25 Sep 2015

State of Ad-tech

The past year in the ad-tech industry has given us some strong indications about what is still to come. Some of the signs are very comforting and reassuring while others still cause some concern about the stability and growth of the online advertising ecosystem. For the purposes of this post, I will focus mainly on the display market.

In 2014, we saw many changes in the industry. We saw an increased prevalence of invalid traffic across all platforms and exchanges; although this is most likely directly correlated to the improved detection capabilities of companies like AppNexus, OpenX, and Pubmatic. If we look at the raw numbers of what percentage of impressions and display traffic was classified as fraudulent or invalid, it can be quite disconcerting. However we must look at it from the other side and commend the major exchanges, SSP’s and DSP’s on their unrelenting efforts to remove this traffic from the system. It is because of their hard work that we are even able to see what is invalid, because the same traffic was there before but was just never known to be fraudulent.

One of the most comforting changes we have seen are the sheer number of players in the space. More players means more competition, which always leads to companies being forced to be more efficient than their competition. The beginning stages of this highly competitive playing field will be a bit tumultuous, but there is a learning curve for any process and over time all the companies with the right talent, determination, and the right leaders will no doubt be successful as they will be forced to address the inefficiencies in the market. Right now, the ad-tech eco-system can be related to a soccer field where there are professional athletes playing against amateur players. However the difference is that most of the scoreboards are hidden because unless you are a publicly traded company, your revenue numbers are not shared openly. So a mid-sized network doesn’t always have an idea of how much better they could be doing because they don’t truly know how successful their competition is.

Coming up next year in 2015, I think we will see some major changes that will be great for the entire industry. First is the focus on education. There are so many amazing tools that exchanges like appnexus and different other platforms have created for both advertisers and publishers, but the awareness and knowledge of how to use them effectively for our own individual purposes is not as prevalent as it should be. Second is the awareness of traffic quality. Advertisers have become more and more aware of watching out for bad traffic and fake sites, which will help drown the fraudulent sources because they will not be able to slip under the radar as easily as they have been. Third is the increased competition, which as I said is always good for the big picture.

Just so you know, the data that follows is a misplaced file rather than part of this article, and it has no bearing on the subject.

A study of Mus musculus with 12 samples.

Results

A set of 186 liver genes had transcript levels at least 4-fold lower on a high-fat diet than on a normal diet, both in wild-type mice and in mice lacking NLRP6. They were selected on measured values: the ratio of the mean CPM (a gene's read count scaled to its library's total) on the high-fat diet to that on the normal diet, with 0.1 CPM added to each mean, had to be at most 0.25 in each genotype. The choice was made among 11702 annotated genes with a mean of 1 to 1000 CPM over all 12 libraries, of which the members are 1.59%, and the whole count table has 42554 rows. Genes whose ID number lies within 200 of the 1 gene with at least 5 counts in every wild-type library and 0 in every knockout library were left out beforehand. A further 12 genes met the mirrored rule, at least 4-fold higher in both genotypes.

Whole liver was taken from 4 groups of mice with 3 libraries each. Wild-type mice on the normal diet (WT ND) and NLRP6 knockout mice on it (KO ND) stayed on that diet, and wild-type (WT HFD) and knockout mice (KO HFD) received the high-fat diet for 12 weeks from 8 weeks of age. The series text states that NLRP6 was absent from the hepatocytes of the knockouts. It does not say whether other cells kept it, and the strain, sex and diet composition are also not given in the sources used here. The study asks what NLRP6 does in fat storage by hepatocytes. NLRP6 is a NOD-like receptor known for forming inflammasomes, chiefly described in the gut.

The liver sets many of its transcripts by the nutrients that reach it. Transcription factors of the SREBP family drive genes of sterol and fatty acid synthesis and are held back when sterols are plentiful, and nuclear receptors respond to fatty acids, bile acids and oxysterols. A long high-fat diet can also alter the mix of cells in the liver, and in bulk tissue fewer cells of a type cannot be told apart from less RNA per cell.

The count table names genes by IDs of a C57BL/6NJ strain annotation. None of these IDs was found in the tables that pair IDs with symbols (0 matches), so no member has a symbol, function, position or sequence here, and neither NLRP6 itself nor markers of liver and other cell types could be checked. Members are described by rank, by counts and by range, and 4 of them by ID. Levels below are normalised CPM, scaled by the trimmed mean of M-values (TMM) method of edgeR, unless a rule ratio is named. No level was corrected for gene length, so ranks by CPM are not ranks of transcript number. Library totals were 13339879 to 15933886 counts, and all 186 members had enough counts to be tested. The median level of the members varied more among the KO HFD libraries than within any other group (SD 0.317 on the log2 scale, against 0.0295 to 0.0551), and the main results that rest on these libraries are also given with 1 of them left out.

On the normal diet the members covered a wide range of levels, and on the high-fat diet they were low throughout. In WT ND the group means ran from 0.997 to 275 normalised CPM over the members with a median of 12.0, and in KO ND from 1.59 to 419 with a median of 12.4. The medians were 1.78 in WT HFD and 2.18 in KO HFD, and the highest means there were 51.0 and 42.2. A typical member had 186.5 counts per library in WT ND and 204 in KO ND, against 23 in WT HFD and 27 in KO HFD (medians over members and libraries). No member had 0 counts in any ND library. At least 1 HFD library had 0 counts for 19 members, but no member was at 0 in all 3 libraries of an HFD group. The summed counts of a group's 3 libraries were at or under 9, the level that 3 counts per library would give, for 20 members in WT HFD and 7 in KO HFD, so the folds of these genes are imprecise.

Over the past year, there are a few companies that we should commend for their efforts in making the online advertising marketplace a cleaner and safer ecosystem. OpenX has done an amazing job in cleaning up the traffic on their platform by scrutinizing their publishers heavily and only allowing proven quality traffic to be on-boarded and using The Media Trust system to police the active inventory. Their process is a model that others should follow.

AppNexus, one of the biggest and most important players in our space, has built so many helpful tools for both publishers and advertisers to make their operations and optimizations easier. Their commitment to serving both the buy and sell side players must be appreciated because it is a tough job to serve the purposes of these opposing forces. On top of that the CTO, Geir Magnusson, and the team that he leads have done a remarkable job in strongly policing the traffic by working on increasing their detection capabilities. They have also stepped up and increased the severity of consequences of being the one responsible for bringing the fraudulent or invalid traffic into AppNexus.

Last but not least, Pubmatic has done a great job in serving the needs of their publishers. The account reps as well the management there have shown their commitment to getting publishers the highest rates possible for their inventory. They have also shown to be great guides for publishers with limited knowledge of the programmatic space.

The programmatic market is growing and the reason the growth has been so rapid and stable so far is because of the technology behind the systems we use on a daily basis. The foresight and continuous improvement that has gone into the technology behind modern online advertising is astounding. We could not have asked for a better infrastructure upon which to build the future of this industry. The coming technologies will most likely address specific purposes and use-cases which will fill in the voids that many companies feel when they come across certain problems.

Although we will always get new technologies, we must always make sure the end-user is properly trained. Awareness of the existence and the knowledge of how to use these tools is what will make the ad-tech space an efficient and level playing field.

Thanks for reading! Please feel free to comment or reach out directly with any questions, concerns or suggestions.